Thursday, December 5, 2013

Is the PNM’s replacement of Senators Pennelope Beckles-Robinson and Fitzgerald Hinds an election strategy? “That’s the purpose of the game,” political scientist Dr Selwyn Ryan told the T&T Guardian yesterday in response to questions. As to whether it will be a successful strategy, Ryan said only time would tell but he found there were “some questionable appointments.” 


“I don’t know the people very well, except Camille Robinson-Regis,” he added. Ryan was referring to defeated Chaguanas West PNM candidate Avinash Singh and former TV6 news presenter Dianne Baldeo-Chadeesingh. Asked to respond to rumours that Beckles-Robinson was removed by Opposition Leader Dr Keith Rowley because she was a potential opponent in the party’s upcoming internal elections, he said: “I don’t think she handled it very well. She jumped the starter’s gun.”


Political commentator Michael Harris also said he did not know “who these people are” and had no clue whether it would be a good election strategy. He said the PNM’s senatorial changes were not an earth-shattering matter and would not affect supporters’ loyalty nor have any significant impact on non-supporters. Harris said he doubted whether the two newcomers would improve the PNM’s chances in the 2015 general election, since the party had weightier matters with which to deal.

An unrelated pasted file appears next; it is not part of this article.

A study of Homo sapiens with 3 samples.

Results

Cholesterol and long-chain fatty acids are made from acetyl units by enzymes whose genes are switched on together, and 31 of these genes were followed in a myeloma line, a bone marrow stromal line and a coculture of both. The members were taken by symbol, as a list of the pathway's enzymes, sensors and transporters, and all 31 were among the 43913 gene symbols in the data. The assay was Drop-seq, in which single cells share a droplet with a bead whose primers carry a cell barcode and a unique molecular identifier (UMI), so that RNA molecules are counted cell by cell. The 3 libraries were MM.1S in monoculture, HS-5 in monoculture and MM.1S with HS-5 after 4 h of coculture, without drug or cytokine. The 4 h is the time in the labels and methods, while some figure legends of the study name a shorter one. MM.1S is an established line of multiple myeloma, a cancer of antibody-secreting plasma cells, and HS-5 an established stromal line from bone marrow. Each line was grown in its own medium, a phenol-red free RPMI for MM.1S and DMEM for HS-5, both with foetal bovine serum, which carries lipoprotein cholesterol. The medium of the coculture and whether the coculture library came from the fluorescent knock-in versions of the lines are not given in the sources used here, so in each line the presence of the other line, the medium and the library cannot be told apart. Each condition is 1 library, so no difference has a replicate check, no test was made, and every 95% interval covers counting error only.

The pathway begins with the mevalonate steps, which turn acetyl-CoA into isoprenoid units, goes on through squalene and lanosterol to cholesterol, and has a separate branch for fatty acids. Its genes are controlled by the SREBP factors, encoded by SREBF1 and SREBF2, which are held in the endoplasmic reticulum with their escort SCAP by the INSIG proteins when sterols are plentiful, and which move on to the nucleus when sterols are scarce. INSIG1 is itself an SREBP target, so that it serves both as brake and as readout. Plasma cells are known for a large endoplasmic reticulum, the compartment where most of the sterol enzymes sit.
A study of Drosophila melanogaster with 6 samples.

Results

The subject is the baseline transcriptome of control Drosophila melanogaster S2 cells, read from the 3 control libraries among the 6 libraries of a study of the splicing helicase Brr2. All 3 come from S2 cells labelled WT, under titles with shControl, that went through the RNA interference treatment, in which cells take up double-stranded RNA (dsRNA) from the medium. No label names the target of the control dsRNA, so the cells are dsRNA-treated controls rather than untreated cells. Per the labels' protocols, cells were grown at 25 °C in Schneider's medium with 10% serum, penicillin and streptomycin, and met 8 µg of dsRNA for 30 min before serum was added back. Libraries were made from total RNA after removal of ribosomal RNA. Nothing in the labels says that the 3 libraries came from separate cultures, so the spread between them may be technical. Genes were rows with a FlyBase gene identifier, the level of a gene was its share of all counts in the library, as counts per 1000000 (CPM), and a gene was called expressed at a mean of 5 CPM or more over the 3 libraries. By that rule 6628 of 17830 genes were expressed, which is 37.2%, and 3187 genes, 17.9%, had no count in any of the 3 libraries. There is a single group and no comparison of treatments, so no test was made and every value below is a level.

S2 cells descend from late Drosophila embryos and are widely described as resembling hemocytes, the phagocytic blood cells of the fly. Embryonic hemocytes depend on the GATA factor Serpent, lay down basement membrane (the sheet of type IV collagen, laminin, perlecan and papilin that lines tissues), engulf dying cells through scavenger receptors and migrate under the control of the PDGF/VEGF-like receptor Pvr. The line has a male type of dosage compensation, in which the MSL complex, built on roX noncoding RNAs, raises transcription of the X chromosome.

While appointing young East Indians might be an attempt to give the PNM a new face, he said, it was not a new strategy. “There have always been Indians in the PNM and it has not made a difference in how people perceive the party,” he said. Harris felt the removal of Beckles-Robinson was a normal political move since she was viewed as an opponent.


Political scientist Dr Bishnu Ragoonath said it was a clear strategy to entice a wider and younger group but had concerns about the appointment of Singh, as it was PNM policy that “there are no jobs for the boys” and no political appointments for defeated candidates. He said Singh’s appointment went against that train of thought. He did not believe the groups Rowley was allegedly targeting would respond in any significant way to the senatorial appointments.


Political scientist Dr Indira Rampersad said Rowley was certainly trying to “broadbase” the party with the two new faces but she did not think it would determine votes in 2015. “The PNM always had a smattering of Indians but remains an Afro-based party,” she said. She described appointing Robinson-Regis as “revisiting the archives” of the PNM even though she was a developed politician.